Furniture | Van der Postings

An online showcase for up-and-coming young designers

A new website that makes exciting furniture accessible


October 11 2010
Lucia van der Post

If you’re interested in fine – and new – design, there’s a fresh website worth checking out. Made.com, founded by Ning Li – something of a serial entrepreneur from China – and his business partners, Chloe Macintosh and Julien Callede, aims to bring exciting design within easy and affordable reach. Several other successful entrepreneurs, among them Brent Hoberman of lastminute.com and John Hunt, co-founder of the Seattle Coffee Company, are investors in the enterprise and believe the idea has serious “legs”.

Ning Li founded the company because he was frustrated by the complications involved in selling furniture through the usual route of furniture stores. “There’s a long supply chain,” he says (to you and me, this means there are lots of middlemen, each taking a cut), “and it’s very inefficient and expensive, as stores have huge difficulties with warehousing and inventory.” His notion, therefore, was to work with young, up-and-coming designers, get their products made efficiently and quickly (“The normal time frame for a designer completing a product and it coming to market is anything from one year to three,” he explains), involve the end consumer in the product-selection process and then bring the pieces directly and relatively affordably to the public.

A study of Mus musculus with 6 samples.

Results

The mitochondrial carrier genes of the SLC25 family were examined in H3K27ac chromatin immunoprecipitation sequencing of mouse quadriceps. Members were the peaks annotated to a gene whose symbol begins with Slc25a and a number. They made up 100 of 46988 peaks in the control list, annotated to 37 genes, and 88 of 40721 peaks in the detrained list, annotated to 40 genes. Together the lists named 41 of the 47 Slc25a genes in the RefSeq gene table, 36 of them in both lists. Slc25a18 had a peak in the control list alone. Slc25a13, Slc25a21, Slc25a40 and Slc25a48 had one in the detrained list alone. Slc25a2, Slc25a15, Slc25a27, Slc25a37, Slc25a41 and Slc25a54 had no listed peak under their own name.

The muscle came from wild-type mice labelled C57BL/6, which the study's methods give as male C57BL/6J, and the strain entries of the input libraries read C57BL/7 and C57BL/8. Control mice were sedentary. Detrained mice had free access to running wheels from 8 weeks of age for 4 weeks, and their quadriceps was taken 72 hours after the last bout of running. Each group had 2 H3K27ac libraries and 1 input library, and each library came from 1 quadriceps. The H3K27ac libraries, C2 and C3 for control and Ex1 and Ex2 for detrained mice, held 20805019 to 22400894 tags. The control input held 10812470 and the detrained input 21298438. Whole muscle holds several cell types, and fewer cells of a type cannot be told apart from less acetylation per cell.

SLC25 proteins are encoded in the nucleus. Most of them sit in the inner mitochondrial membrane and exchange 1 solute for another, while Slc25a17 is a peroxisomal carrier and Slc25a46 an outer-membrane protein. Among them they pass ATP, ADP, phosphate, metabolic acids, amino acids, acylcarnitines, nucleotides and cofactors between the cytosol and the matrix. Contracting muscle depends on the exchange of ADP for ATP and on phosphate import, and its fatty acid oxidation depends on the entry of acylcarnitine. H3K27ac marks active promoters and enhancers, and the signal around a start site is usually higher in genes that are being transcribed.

How it works is that a new design is posted up on the website every week. Visitors to the site are then invited to give their views by ticking either the “Love it” or the “Loathe it” box. A product is not made until there are enough people who “love it” to render it economical to produce. The downside is that there is then usually a gap of about eight to 12 weeks before it is delivered; the upside is that it is infinitely less expensive than its retail equivalent.

Ning Li uses only the best manufacturers in China. So far, the most successful design has been the Stroller desk (first and second pictures, £299) by Steuart Padwick, who has worked with Sir Terence Conran’s Benchmark company. Personally, the designs I like best aren’t particularly avant-garde – the wonderfully priced Jazz Club leather chair (£199) is charmingly retro, while the steel Legend Café chairs (third picture, £88 a pair) are based on the classic French bistro chair. The Piggy Bag bean bag (£59), would be a great addition to any teenager’s or student’s room.

Made.com is likely to appeal to two categories of buyer – those who love quality, modern designs and couldn’t otherwise afford these sorts of products, and those who are perfectly well off but don’t see why they should pay more for their furniture than necessary. It’s only been going since March and the site is already creating waves.

But for Ning Li, making designer items more affordable, and therefore more accessible, is not his only motivation; it’s also about getting hot products on to the market quickly and showcasing the work of young designers very early on. Clearly one to watch.